Taking on the World’s Grand Challenges

From Minnesota Alumni Magazine Fall 2015

By Cynthia Scott

It is both a minor shift and a radical rethinking of learning at the University of Minnesota. That’s how one professor describes the new Grand Challenges Curriculum (GCC), the inaugural initiative of the University’s ambitious new strategic plan, which calls for the U to become a leader in solving the “grand challenges” of a diverse and changing world.

The first five classes in the GCC will be offered this fall. “GCC is a minor shift in the sense that what universities do is offer classes, but radical in the sense of what goes into the classes,” says Julian Marshall, a professor of civil, environment, and geo-engineering who is co-teaching the course Global Venture Design—What Impact Will You Make? The class, co-taught with Fred Rose (M.S.E.E. ’83), director of Acara, an entrepreneurship program at the University of Minnesota’s Institute on the Environment, will guide multidisciplinary teams in designing solutions to global challenges related to environment, health, and development.

“If you’re an entering student you might be fooled into thinking the GCC is no big deal, but it is,” he says. How big of a deal? GCC is designed to become a defining strength of the University and intended to advance a culture change at the U emphasizing inspiration, engagement, action, and impact. Its classes reflect the principle that the critical challenges facing the world stretch across the boundaries of a particular discipline, and lectures focus not just on analyzing problems, but on forging solutions. Universities, Marshall says, traditionally function at the department level, where courses are determined, instructors assigned, and students admitted. But GCC courses add breadth and depth by being cross-disciplinary. “These are big problems—if they weren’t, they’d be solved by now,” Marshall says. “By offering the GCC there’s a recognition that complicated problems are not going to be solved by any one discipline.”

In addition to the GCC, the strategic plan calls for a Grand Challenges research strategy. A process is underway to identify three to five Grand Challenges that will be embraced as institutional priorities in the coming decade.

Engagement and Impact

The University of Minnesota’s strategic plan calls for the U to be in the forefront of solving the grand challenges of diverse and changing world. It aims to make the University more nimble and to encourage collaborations in areas of potential for major impact in the coming decade. That vision comprises four goals:

1 • Build exceptional research and curricula integrating grand societal challenges.

2 • Support excellence and reject complacency.

3 • Aggressively recruit, retain, and promote field-shaping researchers and teachers.

4 • Establish a culture of reciprocal engagement, leveraging our unique urban location.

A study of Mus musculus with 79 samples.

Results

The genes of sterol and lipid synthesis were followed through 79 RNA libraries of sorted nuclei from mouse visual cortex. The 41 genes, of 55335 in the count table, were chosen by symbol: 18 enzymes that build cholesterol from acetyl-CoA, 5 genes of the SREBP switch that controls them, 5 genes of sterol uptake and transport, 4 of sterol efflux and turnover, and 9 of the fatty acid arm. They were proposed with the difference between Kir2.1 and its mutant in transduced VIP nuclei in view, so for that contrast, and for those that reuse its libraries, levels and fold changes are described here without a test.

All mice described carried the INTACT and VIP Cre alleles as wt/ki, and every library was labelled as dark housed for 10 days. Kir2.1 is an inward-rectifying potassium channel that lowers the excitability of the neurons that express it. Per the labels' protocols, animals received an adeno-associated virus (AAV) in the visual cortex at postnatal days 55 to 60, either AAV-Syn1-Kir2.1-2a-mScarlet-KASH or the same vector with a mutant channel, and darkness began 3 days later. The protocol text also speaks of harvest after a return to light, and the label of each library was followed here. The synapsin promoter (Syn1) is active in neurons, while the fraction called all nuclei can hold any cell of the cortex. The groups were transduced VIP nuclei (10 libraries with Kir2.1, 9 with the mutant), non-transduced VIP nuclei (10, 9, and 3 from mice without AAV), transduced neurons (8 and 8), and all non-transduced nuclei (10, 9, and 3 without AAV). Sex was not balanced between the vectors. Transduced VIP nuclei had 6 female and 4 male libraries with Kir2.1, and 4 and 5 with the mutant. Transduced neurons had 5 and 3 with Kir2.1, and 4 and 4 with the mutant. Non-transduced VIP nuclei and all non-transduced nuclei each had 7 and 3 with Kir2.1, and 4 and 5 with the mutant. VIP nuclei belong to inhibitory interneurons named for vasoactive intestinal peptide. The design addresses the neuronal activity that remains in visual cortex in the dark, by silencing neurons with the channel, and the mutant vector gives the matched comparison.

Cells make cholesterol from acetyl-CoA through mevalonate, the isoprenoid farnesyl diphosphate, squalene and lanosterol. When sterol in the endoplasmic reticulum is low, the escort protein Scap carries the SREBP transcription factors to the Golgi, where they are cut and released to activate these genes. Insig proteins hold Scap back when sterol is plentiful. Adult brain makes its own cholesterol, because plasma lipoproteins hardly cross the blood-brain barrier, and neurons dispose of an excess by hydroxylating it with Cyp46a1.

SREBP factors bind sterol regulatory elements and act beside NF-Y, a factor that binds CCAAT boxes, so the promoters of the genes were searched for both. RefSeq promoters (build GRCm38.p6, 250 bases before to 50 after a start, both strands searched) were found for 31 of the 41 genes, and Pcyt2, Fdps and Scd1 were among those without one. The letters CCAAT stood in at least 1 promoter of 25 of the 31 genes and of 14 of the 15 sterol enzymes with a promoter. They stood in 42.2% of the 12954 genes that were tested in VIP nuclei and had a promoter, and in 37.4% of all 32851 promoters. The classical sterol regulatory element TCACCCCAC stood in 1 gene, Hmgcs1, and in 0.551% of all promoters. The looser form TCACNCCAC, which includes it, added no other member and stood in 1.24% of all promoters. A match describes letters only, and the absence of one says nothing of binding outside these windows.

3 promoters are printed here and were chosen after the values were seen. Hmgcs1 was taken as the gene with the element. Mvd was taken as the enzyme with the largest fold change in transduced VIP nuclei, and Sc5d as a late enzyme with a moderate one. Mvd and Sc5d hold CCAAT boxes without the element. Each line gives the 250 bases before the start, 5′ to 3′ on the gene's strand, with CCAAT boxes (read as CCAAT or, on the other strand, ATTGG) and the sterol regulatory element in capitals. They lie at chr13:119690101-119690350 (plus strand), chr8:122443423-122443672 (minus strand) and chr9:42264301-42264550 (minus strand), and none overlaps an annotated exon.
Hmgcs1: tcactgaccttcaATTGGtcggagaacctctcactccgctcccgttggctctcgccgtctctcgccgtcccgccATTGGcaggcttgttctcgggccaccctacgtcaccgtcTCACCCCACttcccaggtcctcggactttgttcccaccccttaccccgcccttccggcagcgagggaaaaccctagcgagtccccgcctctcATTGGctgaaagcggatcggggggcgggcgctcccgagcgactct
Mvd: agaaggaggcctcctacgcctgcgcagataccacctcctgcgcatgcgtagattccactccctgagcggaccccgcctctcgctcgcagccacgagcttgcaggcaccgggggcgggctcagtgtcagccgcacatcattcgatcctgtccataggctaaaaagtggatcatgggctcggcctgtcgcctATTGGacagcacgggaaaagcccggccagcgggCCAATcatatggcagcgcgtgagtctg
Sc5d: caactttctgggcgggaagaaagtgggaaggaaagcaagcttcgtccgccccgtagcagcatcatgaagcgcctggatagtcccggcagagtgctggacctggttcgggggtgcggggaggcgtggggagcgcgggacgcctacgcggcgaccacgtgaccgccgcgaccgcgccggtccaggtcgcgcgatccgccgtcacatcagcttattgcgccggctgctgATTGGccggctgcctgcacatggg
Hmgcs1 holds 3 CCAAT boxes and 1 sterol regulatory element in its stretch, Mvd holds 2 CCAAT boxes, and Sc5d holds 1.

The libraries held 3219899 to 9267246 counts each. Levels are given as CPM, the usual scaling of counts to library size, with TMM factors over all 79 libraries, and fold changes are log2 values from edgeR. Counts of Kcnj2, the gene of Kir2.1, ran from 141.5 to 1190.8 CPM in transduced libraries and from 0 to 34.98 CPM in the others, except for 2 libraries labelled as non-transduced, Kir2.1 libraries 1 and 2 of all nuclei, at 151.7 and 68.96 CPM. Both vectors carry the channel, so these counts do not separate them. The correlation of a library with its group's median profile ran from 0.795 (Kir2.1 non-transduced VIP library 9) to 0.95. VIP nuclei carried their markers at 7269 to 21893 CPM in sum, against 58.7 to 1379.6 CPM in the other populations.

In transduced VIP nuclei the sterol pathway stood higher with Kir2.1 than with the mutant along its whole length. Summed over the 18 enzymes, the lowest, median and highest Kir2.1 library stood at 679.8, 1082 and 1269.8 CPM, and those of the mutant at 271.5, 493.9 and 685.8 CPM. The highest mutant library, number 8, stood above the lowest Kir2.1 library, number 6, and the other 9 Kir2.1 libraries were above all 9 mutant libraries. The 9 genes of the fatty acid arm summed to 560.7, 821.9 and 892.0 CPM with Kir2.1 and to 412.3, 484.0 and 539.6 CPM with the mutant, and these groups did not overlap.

A 30-member work group composed of faculty, staff, and students led by Provost Karen Hanson (B.A. ’70) forged the strategic plan over a two-year period, involving more than 200 members of the University community in the process. The Board of Regents approved it last fall. To read the plan visit strategic-planning.umn.edu.

Fall 2015 Grand Challenges Curriculum

Can We Feed the World Without Destroying It? explores the challenge of achieving global food security and sustainability. Lectures, skills workshops, and interactive panels with guest experts look at fundamental changes in the global food system, the environment, and civilization as a whole and how to identify solutions. Taught by Jason Hill (Ph.D. ’04), assistant professor of bioproducts and biosystems engineering, and David Tilman, Regents professor of ecology, evolution, and behavior.

Beyond Atrocity: Political Reconciliation, Collective Memories, and Justice introduces ways of thinking through the delicate relationship between reconciliatory initiatives, collective remembering, and the requirements of justice by examining several historical settings: the Holocaust; Spanish Civil War; South African Truth and Reconciliation experiment; American Indian struggles; and the Black Redress Movement. Taught by Alejandro Baer, associate professor of sociology and director of the Center for Holocaust and Genocide Studies, and Catherine Guisan (Ph.D. ’00), visiting assistant professor of political science.

The Fracking Boom: Promises and Challenges of the Hydrocarbon Renaissance studies the energy revolution ignited by recent technological changes, primarily hydro-fracturing, or fracking. Includes examinations of economic, political, geological, environmental, and social aspects of fracking in major areas, with particular attention to North Dakota’s Bakken Shale boom and Minnesota’s frac sand and related industries. Taught by Maximiliano Bezada Vierma, assistant professor of earth sciences, and Bruce Braun, professor of geography, environment, and society.

Seeking Solutions to Global Health Issues examines the fundamental challenges to addressing complex global health problems in the world’s poorest countries. An emphasis on ethical and cultural sensitivity will help students develop the understanding and skills necessary to begin forging solutions. Taught by Cheryl Robertson (M.P.H. ’88, Ph.D. ’00), associate professor of nursing, and Mac Farnham (M.S. ’02, D.V.M. ’06), assistant professor veterinary medicine.

Global Venture Design—What Impact Will You Make? will guide multidisciplinary teams to design effective and financially viable business solutions to challenges in India related to the environment, health, and development. Taught by Julian Marshall, associate professor of civil, environmental, and geo-engineering, and Fred Rose (M.S.E.E. ’83), director of Acara at the Institute on the Environment.